Weighing in on the browser as the new OS

In a new column for Business 2.0, Om Malik spins a familiar tune we've all heard before: the browser is the new, platform-agnostic OS and online applications are Microsoft's worst nightmare. Between the artfully crafted title tag and headline on his post, there's enough fightin' words to inspire a good old-fashioned food fight.

Some memes in the online conversation are like songs that get played often on the radio. Remember the radio? That medium we used to listen to before we all became pod people? If you like the song, that's a good thing. If you're sick of hearing the same tune, not so much.

In a new column for Business 2.0, Om Malik spins a familiar tune we've all heard before: the browser is the new, platform-agnostic OS and online applications are Microsoft's worst nightmare. Between the artfully crafted title tag and headline on his post, there's enough fightin' words to inspire a good old-fashioned food fight.

Om argues that things are changing (when are they not?) and a new proliferation of increasingly powerful and highly mobile devices, paired with the AJAXy goodness of 2.0 applications is the harbinger of a real sea change this time around. ZDNet's David Berlind, avoiding the fracas directly, chimes in with a very nice analogy to the movie Dreamscape to illustrate the recurring nature of this particular nightmare for the folks in Redmond.

Of course, no ZDNet post on a topic like this can be declared a true success without a bit of banter in the comments and ZDNet blogger George Ou jumps into the comments thread on David's post with his opinion that this is all, to quote the Bard, sound and fury signifying nothing.

Same song, played one too many times.

Or is it?

I think Om gets it right. It's not just that new generation of online apps are better (they are) or that future incarnations of the browser will be tuned to provide a better web-based application experience (they will). He points to the increased availability of affordable devices that are establishing a new portability/price/performance ratio we've not seen before and writes:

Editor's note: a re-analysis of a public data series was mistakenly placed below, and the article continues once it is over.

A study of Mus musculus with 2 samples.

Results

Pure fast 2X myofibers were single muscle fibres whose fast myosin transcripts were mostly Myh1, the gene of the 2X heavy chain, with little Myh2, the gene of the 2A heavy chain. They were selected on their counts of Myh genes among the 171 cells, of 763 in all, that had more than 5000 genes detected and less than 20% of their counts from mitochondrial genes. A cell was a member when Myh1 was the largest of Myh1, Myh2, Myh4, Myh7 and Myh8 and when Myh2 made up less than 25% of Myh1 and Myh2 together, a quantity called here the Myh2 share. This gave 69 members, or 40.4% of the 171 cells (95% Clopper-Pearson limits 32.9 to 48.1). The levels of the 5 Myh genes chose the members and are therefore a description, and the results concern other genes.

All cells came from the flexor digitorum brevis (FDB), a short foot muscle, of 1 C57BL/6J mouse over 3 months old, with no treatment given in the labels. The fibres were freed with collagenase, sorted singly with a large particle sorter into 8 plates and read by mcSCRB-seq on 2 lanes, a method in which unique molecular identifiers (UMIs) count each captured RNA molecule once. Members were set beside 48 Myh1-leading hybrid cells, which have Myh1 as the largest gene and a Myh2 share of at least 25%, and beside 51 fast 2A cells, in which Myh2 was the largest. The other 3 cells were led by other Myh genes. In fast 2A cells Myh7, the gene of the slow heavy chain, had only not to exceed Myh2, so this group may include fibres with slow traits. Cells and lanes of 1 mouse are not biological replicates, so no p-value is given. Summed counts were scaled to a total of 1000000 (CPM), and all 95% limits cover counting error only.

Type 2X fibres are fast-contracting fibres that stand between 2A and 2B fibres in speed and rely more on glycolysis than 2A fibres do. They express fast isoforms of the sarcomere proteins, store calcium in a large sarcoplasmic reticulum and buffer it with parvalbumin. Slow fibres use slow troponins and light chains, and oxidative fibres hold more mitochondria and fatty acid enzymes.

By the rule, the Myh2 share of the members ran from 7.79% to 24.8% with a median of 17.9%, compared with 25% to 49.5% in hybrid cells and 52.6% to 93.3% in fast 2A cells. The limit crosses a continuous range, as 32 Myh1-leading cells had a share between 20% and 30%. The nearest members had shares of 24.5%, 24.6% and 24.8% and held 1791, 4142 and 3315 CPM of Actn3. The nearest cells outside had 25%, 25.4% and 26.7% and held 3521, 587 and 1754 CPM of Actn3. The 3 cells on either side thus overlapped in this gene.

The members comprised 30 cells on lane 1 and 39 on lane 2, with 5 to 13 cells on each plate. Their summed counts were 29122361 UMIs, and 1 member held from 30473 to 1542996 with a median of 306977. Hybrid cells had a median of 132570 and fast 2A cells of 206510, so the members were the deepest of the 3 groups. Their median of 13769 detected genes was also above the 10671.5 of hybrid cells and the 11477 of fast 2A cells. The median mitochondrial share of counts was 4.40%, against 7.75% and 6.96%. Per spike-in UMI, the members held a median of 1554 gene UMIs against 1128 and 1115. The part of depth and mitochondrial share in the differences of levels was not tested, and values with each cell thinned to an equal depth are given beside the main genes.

Things will get more exciting for entrepreneurs when we all start walking around with new Internet-ready portable devices such as the Nokia 770 Internet tablet or smartphones such as the Motorola Q and Nokia E61.

These pocket-size monsters with keyboards, luscious displays, and brisk 3G connections will soon replace laptops. All they need are browsers that can access Web-based software as easily as your desktop can. (I already use a Nokia E61 to help manage my website and write short blog posts from within the phone's browser. Soon I'll be able to run the whole site from my phone's browser.)

This is the giggle factor that give this old tune a reason to be played again. The shift away from PC-centric computing is underway. There are three additional qualifications that I toss into the mix:

  1. It won't happen overnight
  2. It's not going to be embraced by everyone all at once.
  3. It's not a zero sum game.

Once you accept those three statements, most of the black-or-white, yea-or-nay arguments fail to hold water. Steve Jobs, upon his return to Apple said in his first MacWorld keynote during which he announced a new deal with Microsoft that "we have to let get of the idea that in order for us to win, Microsoft has to lose". The sincerity of that statement notwithstanding, the sentiment is perfectly applicable to the current state of affairs.

Microsoft will continue to sell tons of Office, Exchange, and SharePoint. They're all proven products that solve problems for many organizations and individuals. They're mature, they're safe (from a purchasing perspective if not always from an info security angle), and they're built on a client-server model that is not predicated on ubiquitous access to the cloud via broadband.

But there is a new generation entering the workplace that hasn't grown up in that client-server world and that is not mired in the legacy mindset of "all my stuff on my PC" that many of us have always accepted as the way things work. They prefer lightweight mobile apps over monolithic desktop tools. They have fewer issues with storing their stuff in the cloud. And they prefer the real-time exchange of ideas information offered by SMS to the asynchronous albeit richer interactions provided by e-mail.

The sea change is coming. It's not a tsunami, although I predict that there will be some spectacular waves from time to time. But just as the ocean continually changes the coastline, the migration to online apps and an increasing amount of work, online or offline, being accomplished in the browser is inexorable, ongoing, and inescapable. Can you hear the music?